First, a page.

Long Beach State athletics doesn’t mind being an island of misfit toys for elite talent in need of a new home.
A more egotistical sports culture, eligibility rule changes and even the COVID-19 pandemic have contributed to turning the NCAA transfer portal into an open window over the past few years. Although LBSU can’t navigate past the bigger budgets and brands of major universities on the recruiting trail, the Beach is uniquely situated to become the greener grass on the other side of the fence for a transfer’s second chance.
“I think it’s because of who we are and what we do,” Long Beach State athletics director Andy Fee said of getting bounce-back talent from top programs. “Sometimes we lose at the outset to a USC or another school because there’s a lot of flashy bright lights at places like that. But ultimately it’s not always a great fit… Here at LBSU we’ve got productive winning programs with some really great resources. Maybe not to the level of the PAC-12, or a Big-12 school, but we have the things that can make a student athlete the best that they can be.”
Most recently the LBSU men’s basketball and women’s soccer program vastly improved their rosters with elite transfer talent.
“A lot of times these kids get pushed to certain places for the wrong reasons,” LBSU women’s soccer coach Mauricio Ingrassia said. “I think the most important part of recruitment or process is who you play for and who you play with. That’s what makes an athlete happy. And if they’re happy, then everything else fits.”
LBSU men’s basketball coach Dan Monson has tried to fit quite a few transfers into his squad over the past 12 years. Some were the best player on the team like James Ennis or Gabe Levin. Some of them disturbed the program and some have left before reaching their potential like Josh Morgan did this year. Through it all, Monson knows he has no choice but to play the transfer shell game.
“It’s not a free agency market yet, but it’s going to be, and it’s really close right now,” Monson said. “So you have to change with it — you have to get some of those free agents. If you’re gonna stay in business, you can’t stay old-school. You’ve got to adapt with how it is.”
New methods amidst recruiting changes helped Monson and associate head coach Myke Scholl land two top transfers this summer in Isaiah Washington and Ray Hawkins III.
“It’s become a whole different recruiting game right now with no official visits (because of COVID-19),” Monson said. “We have to trust the people that we know who know him. And he’s got to trust the people that he knows.”
Washington is an exciting point guard from New York where he was Mr. Basketball during a decorated prep career. Poor timing and circumstance ruined his stops at Iona and Minnesota, but Monson knows he’s getting a game-changer.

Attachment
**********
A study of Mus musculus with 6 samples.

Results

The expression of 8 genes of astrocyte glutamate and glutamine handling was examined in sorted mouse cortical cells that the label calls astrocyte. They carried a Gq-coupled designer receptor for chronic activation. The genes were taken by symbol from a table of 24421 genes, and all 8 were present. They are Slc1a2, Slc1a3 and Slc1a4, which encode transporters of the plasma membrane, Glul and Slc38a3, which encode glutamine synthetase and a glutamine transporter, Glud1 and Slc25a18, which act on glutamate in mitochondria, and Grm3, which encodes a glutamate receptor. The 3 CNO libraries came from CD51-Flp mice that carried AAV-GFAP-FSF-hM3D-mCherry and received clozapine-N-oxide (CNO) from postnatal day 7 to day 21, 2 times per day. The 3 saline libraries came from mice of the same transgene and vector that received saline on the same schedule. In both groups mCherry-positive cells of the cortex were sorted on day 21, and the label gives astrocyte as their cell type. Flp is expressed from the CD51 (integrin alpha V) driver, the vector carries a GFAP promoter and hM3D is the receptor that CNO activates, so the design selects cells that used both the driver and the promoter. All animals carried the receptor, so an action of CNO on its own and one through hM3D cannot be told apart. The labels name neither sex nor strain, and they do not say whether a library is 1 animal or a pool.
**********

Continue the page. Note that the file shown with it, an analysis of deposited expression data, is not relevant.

“We have everybody back so we don’t need a point guard, you know, we needed to move the needle,” Monson said. “With our last scholarship we felt we needed an X factor.”
Washington was a consensus top 100 recruit out of St. Raymond’s High School in New York. The 6’1” point guard averaged 11.4 points 5.1 rebounds and 4.0 assists while playing over 33 minutes per game at Iona.
Former LBSU transfer Edis Deversevic is Washington’s longtime friend from New York. Deversevic was actually suspended multiple times by Monson during his short stay at LBSU, but Monson said Deversevic talked up the program to support Washington’s move to California.
“It’s funny how the ones you butt heads with the most appreciate it the most,” Monson said. “(Deversevic) couldn’t have been more positive about his experience with me and he said to me, ‘Coach that’s really how I feel. I really feel like it changed my life and the place can change his life’.”
Monson hopes Raymond Hawkins III — the other top transfer who spent a year at Alabama — can get through NCAA appeal process to be eligible for next season so he can play with Washington, who only has one year left.
Hawkins is a 6’9” 240-pound forward who was a four-star recruit out of high school. He’s originally from Oakland and is one of many college athletes choosing to play close to home.
“I think you could see even more entering the transfer portal based upon COVID,” Fee said. “Other sports within the collegiate setting are catching up to basketball.”
Ingrassia and his LBSU women’s soccer program have been ahead of the game when it comes to bounce-back talent thriving. The Beach was led by bounce-back and LBSU Hall Of Famer Nadia Link when it reached its first NCAA Tournament in 2011.
Last month, Ingrassia added transfers Sophie Jones (Arizona), Aimee Medwin (Mississippi), Daria Petredes (USC) and Hailey Smith (Washington State) to his roster. He said that established relationships and positive word-of-mouth have given him an advantage when getting talent from top programs nationally.
“Maybe (some players are) lured because of the glitz, and we’re more of a boutique type situation,” Ingrassia said of his program. “Once they go (to big school) and it’s not all it seemed to be on an emotional recruiting weekend they realize, ‘I have to find a place that fits me’ and I think that’s where we come in and we do well.”
Both Ingrassia and Monson said that the influx of experience from these upperclassman transfers will only help their squads — which struggled with inexperience last season.
“It’s hard because you don’t want to mess with that either and just tell them ‘you’re not good enough,’ but when you get an (elite talent) who has credibility throughout the country… Our players are very excited,” Monson said.
“We’ve had student athletes come here out of high school and transfer to LBSU who have great careers that have gone on and played professionally,” Fee said. “This is a place you can do it all. It’s unique. But I think that’s what all of us who live in this community love about Long Beach State.”